Thursday, February 22, 2018

Only 35% of Parents With Child At Risk of Self-Harm Properly Store Firearms, Survey Finds

A child’s history of risk factors for self-harm does not appear to influence caretaker decisions about whether to keep firearms in the home, or whether those firearms are kept unloaded and in locked storage.

That’s the finding from an analysis of data from an online survey published in Pediatrics.

“Given the prevalence of household firearms in the United States, our findings suggest that millions of U.S. children are placed at substantially higher risk of fatal firearm injury, especially suicide, than would be the case were parents to follow guidelines first put forward by the AAP [American Academy of Pediatrics] more than a quarter century ago,” wrote John Scott, B.S., Deborah Azrael, Ph.D., and Matthew Miller, M.D., M.Sc., of Northeastern University and Harvard University.

The researchers used data from a Web-based survey conducted by the survey firm Growth for Knowledge (GfK) to assess firearm ownership, storage practices, and use among a nationally representative sample of U.S. adults. Respondents were asked about gun ownership and about various storage practices for their household guns, including the number of guns stored and whether they were locked and unloaded. Participants were also asked if there were children living in the household and if so, what their relationship was to these children.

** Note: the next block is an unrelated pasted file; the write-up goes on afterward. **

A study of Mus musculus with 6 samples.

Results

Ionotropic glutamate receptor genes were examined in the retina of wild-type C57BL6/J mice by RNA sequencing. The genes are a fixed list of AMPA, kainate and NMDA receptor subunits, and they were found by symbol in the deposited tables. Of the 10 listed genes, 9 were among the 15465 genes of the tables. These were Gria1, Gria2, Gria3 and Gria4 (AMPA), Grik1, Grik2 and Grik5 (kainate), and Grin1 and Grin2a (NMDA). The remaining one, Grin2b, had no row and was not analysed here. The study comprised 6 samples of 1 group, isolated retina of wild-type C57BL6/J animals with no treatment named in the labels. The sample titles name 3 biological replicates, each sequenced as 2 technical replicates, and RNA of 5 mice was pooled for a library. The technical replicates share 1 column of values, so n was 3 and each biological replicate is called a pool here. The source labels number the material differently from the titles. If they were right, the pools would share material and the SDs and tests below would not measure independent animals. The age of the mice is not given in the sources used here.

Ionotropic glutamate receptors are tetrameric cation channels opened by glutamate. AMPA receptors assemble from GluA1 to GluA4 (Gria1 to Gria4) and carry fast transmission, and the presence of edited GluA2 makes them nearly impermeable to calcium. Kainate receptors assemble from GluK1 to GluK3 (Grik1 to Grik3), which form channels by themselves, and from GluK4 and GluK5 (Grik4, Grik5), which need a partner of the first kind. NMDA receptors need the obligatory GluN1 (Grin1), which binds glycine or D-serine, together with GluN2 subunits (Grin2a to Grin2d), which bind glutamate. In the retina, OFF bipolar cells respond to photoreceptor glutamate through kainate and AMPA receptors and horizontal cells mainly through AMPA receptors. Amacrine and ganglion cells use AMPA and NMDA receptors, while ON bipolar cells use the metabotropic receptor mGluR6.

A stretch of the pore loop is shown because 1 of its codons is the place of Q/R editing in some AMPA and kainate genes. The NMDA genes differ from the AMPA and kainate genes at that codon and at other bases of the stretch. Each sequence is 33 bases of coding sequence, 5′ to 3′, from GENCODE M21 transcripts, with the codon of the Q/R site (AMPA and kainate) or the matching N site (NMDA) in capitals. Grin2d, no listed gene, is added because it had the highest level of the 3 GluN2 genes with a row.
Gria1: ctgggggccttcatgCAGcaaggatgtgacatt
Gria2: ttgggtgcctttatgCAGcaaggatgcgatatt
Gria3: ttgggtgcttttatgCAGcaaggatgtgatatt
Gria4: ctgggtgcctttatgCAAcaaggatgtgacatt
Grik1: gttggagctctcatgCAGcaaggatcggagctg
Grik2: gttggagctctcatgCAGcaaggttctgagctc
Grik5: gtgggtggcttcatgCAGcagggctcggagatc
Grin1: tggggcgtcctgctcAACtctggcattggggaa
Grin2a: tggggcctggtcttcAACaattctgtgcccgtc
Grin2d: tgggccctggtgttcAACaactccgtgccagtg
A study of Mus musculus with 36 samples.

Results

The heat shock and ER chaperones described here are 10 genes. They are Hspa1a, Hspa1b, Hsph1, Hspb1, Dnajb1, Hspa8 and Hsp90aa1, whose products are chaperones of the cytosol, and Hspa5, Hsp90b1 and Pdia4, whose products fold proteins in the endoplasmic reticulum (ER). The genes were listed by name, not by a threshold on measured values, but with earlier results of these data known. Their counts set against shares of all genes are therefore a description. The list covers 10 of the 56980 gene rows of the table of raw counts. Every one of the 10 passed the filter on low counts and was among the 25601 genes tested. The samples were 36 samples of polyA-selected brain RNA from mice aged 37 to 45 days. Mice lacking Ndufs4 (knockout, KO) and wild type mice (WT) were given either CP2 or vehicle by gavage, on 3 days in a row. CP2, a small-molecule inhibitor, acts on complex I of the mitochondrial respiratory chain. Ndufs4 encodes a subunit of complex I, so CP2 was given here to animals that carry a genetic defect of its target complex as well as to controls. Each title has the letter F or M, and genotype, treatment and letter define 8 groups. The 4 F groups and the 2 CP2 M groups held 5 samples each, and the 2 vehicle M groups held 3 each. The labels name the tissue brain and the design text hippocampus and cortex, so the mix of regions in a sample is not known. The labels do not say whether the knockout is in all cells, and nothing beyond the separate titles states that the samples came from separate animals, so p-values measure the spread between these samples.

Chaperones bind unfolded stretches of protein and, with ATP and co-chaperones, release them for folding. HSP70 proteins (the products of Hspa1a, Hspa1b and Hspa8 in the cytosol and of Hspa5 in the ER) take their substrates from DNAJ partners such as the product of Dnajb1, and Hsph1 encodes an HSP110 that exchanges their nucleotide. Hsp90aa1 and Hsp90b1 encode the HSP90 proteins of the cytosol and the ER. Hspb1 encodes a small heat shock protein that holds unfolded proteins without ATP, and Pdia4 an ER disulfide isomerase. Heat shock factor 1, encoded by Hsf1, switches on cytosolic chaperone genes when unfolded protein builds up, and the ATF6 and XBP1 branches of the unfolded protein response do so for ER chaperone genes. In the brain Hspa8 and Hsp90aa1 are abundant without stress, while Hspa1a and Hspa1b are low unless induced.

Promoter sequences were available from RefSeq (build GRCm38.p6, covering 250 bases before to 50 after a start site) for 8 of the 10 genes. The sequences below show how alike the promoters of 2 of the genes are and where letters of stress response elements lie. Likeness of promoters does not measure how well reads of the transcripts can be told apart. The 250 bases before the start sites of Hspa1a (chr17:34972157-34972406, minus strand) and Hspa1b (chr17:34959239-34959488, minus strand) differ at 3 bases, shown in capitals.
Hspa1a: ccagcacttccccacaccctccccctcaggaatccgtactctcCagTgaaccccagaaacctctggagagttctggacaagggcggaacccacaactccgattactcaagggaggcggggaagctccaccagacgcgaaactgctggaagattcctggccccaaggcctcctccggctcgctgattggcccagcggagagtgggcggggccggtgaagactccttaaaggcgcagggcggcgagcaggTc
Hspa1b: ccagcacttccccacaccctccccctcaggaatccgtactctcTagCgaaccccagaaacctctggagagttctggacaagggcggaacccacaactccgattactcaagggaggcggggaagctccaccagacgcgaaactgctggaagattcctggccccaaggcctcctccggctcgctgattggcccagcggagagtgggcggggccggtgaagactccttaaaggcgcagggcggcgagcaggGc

Respondents who reported to be the caregiver or health care decision-maker (“parent”) of a child under 18, were also asked if this child had attention-deficit/hyperactivity disorder (ADHD), depression, or mental health conditions other than depression. Respondents who answered “yes” to any of these were said to have a child with a self-harm risk factor. (Respondents were not asked whether children ever received a formal diagnosis.)

Of 3,949 respondents, approximately 1 in 3 U.S. households contained firearms (34.8%), irrespective of whether the household included children. Among the subset of adults who self-identified as parents, approximately 2 in 5 households contained firearms (42.4%).

Among parents who own guns, 34.9% stored all guns locked and unloaded when they had a child with a history of self-harm risk factors, compared with 31.8% when none of their children had such a history.

In an accompanying editorial, David C. Grossman, M.D., M.P.H., of the Kaiser Permanente Washington Health Research Institute, said clinicians caring for teenagers play a critical role in preventing youth suicide, including routine screening of adolescents for depression and ascertaining information about firearms in the household and their storage.

“When screening yields concerns of depression, a natural opportunity arises to ask about access to household firearms and provide intensive behavioral counseling on safe storage,” Grossman wrote. “Ongoing treatment of teenage depression involves systematic monitoring of treatment effectiveness, possibly including message reinforcement about firearm storage. Clinicians may need to engage other family members to ensure that treatment and storage recommendations are followed.”

For related information, see the Psychiatric News article “Firearms and Suicide: Risk Assessment and Management,” by Liza Gold, M.D.